June 25, 2007
I want to discuss a concept that I have been using for a while but have not been able to find it discussed on books or blogs I've read. I am talking about a formal layer of the application architecture that, for lack of any better name, I call "Application Services" layer.
Usually applications require some supporting functionality needed to perform their job but which is not part of the application's "business logic" per se. For example, you may be using something like Mailer.cfc to handle all outgoing mail from your application. Now, this component encapsulates some logic but it has nothing to do with the purpose of your application (well, assuming your application is not an email utility of some sort), and usually when you use this kind of tools you only require to have a single instance laying around maybe on the Application scope, or an instance that is passed around from object to object. This type of functionality is what I call an Application Service, and the collection of many of these services provide a layer of supporting functionality to the application. This layer of support is what can be called an Application Services Layer (do not confuse with Service Layer, which is something completely different)
Furthermore, these application services provide additional functionality to the application which may also be required by other layers; thus making it hard to fit this concept within any of the other layers of the application and reinforcing the idea of treating this collection of services as an application layer or tier on their own.
To better illustrate this, let's say we have a "bugTracking" component which should be called when exceptions are thrown so that errors are handled on a standard way. This service may do things like sending an email report to someone or writing to some specific log. Obviously calling this "service" would be very useful whenever an error occurs regardless of where it happens. Since the last thing we want is to be duplicating code, then we would end up needing to use this same service regardless if the error occurred while rendering a view on the presentation layer or applying a business rule on the domain model. Therefore the utility of an application service cuts across the traditional separation across application layer boundaries.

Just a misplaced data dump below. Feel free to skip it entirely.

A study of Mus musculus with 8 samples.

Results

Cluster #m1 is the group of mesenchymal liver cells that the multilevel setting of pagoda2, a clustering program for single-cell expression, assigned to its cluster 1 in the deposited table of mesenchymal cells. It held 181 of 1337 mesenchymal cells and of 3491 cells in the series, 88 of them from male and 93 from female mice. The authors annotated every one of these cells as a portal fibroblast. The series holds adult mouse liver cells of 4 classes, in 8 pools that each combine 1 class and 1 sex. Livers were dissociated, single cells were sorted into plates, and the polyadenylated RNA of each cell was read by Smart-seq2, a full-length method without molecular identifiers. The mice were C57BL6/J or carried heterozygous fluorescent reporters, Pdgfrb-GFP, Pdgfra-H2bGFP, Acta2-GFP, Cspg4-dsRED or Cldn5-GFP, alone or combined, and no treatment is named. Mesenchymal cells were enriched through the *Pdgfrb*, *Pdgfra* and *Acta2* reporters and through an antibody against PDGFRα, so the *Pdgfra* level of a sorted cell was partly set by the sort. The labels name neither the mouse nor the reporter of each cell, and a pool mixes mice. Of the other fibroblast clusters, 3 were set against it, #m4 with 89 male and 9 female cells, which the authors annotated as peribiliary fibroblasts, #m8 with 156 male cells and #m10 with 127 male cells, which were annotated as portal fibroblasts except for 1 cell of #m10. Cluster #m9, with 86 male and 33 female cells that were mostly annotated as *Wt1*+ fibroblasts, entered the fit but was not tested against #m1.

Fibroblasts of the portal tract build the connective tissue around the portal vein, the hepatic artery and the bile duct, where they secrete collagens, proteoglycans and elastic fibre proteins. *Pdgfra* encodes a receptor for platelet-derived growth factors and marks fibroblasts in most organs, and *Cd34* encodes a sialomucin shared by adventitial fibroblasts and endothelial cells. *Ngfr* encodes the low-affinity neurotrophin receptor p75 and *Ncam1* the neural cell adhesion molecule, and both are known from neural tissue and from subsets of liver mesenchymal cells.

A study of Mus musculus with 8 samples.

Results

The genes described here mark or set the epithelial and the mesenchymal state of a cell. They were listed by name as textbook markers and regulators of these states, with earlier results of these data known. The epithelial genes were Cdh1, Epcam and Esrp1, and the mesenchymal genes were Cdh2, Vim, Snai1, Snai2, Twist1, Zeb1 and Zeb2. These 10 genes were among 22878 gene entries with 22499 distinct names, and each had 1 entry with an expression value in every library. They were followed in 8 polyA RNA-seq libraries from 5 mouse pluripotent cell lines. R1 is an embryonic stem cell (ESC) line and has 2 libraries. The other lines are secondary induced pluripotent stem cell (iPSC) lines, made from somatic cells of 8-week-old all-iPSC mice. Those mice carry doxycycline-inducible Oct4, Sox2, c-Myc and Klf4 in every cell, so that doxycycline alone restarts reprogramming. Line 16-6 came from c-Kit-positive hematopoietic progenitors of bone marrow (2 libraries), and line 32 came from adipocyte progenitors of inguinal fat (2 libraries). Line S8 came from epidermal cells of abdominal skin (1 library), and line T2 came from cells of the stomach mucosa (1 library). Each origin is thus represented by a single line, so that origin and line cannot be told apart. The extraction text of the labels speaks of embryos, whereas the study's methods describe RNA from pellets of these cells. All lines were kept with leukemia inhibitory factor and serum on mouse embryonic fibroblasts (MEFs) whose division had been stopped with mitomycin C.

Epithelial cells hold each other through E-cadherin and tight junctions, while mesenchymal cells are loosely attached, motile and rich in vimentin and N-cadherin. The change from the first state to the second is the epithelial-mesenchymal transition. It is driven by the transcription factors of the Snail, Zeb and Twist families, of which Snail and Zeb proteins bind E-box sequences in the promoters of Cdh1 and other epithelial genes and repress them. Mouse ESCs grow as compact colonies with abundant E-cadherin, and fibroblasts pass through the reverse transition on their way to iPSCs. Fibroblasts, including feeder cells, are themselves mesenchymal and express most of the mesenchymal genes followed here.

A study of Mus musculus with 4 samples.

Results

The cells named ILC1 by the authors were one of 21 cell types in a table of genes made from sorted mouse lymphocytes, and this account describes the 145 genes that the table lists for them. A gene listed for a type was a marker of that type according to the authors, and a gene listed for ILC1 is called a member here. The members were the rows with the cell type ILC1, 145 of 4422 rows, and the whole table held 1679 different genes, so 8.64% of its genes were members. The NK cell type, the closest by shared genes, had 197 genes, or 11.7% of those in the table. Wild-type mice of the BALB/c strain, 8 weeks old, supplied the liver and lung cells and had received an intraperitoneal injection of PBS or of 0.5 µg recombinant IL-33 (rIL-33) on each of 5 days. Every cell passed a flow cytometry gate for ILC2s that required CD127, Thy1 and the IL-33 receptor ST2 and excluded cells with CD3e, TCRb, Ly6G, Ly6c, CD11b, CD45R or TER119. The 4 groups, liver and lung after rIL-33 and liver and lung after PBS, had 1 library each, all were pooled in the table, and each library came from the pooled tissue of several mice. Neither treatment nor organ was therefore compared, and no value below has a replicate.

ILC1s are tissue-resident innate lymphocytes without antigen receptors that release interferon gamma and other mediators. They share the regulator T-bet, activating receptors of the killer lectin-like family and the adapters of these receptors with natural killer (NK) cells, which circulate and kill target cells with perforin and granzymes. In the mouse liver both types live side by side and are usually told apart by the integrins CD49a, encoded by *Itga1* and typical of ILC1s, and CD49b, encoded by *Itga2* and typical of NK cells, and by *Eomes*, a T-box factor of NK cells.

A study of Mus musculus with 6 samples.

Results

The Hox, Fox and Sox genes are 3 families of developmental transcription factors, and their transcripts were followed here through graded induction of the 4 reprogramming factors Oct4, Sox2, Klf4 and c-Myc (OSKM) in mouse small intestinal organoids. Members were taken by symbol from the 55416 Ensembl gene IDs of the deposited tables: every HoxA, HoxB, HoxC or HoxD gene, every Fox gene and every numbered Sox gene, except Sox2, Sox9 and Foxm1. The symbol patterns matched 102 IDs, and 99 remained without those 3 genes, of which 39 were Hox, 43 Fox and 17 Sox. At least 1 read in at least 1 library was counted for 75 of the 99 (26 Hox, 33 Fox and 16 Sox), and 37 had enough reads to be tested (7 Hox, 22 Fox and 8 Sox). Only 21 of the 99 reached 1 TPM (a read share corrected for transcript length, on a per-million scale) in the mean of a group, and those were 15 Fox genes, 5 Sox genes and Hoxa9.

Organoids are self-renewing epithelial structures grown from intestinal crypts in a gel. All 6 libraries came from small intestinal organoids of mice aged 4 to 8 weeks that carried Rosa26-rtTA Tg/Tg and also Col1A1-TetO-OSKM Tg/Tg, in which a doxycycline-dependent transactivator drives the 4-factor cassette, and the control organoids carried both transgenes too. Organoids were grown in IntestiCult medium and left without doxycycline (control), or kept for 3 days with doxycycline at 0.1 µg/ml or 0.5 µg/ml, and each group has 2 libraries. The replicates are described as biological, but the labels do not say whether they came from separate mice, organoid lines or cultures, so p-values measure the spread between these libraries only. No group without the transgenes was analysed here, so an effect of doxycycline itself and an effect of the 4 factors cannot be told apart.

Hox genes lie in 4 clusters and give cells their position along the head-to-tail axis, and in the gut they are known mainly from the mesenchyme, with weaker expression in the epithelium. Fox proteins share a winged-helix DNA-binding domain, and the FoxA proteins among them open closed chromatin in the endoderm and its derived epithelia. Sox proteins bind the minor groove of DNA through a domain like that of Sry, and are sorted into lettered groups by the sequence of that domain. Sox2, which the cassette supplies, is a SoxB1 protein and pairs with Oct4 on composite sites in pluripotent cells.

If we gather all these services that our application may need at some point and store instances of them on the Application scope, we can provide a support layer for our application that can be accessed from anywhere on our code; and since this is a layer of shared resources we are not really violating any rules of layer separation because these services are neither used (nor shall be) for outputting content to the browser or performing business logic.
Now, I imagine someone could argue that instead of having everyone invoking the Application scope to get to these services, they could be injected into the CFCs that require them via some form of dependency injection. However, in doing so we would be required to modify the interface of our components by adding a setter or an additional constructor argument for this specific service. The problem with this is that we would be forcing the object interface to be aware of this dependency which is not really related to the purpose of the object, complicating thus any future refactoring when the service may no longer be needed. At most to maintain a proper separation, we could have some sort of registry to handle the access to these services, but that can be discussed on a different post.
At the end, even if I am not using the correct name, I think it should be recognized the benefit of having an "Application Services Layer" to provide the supporting features needed for an application.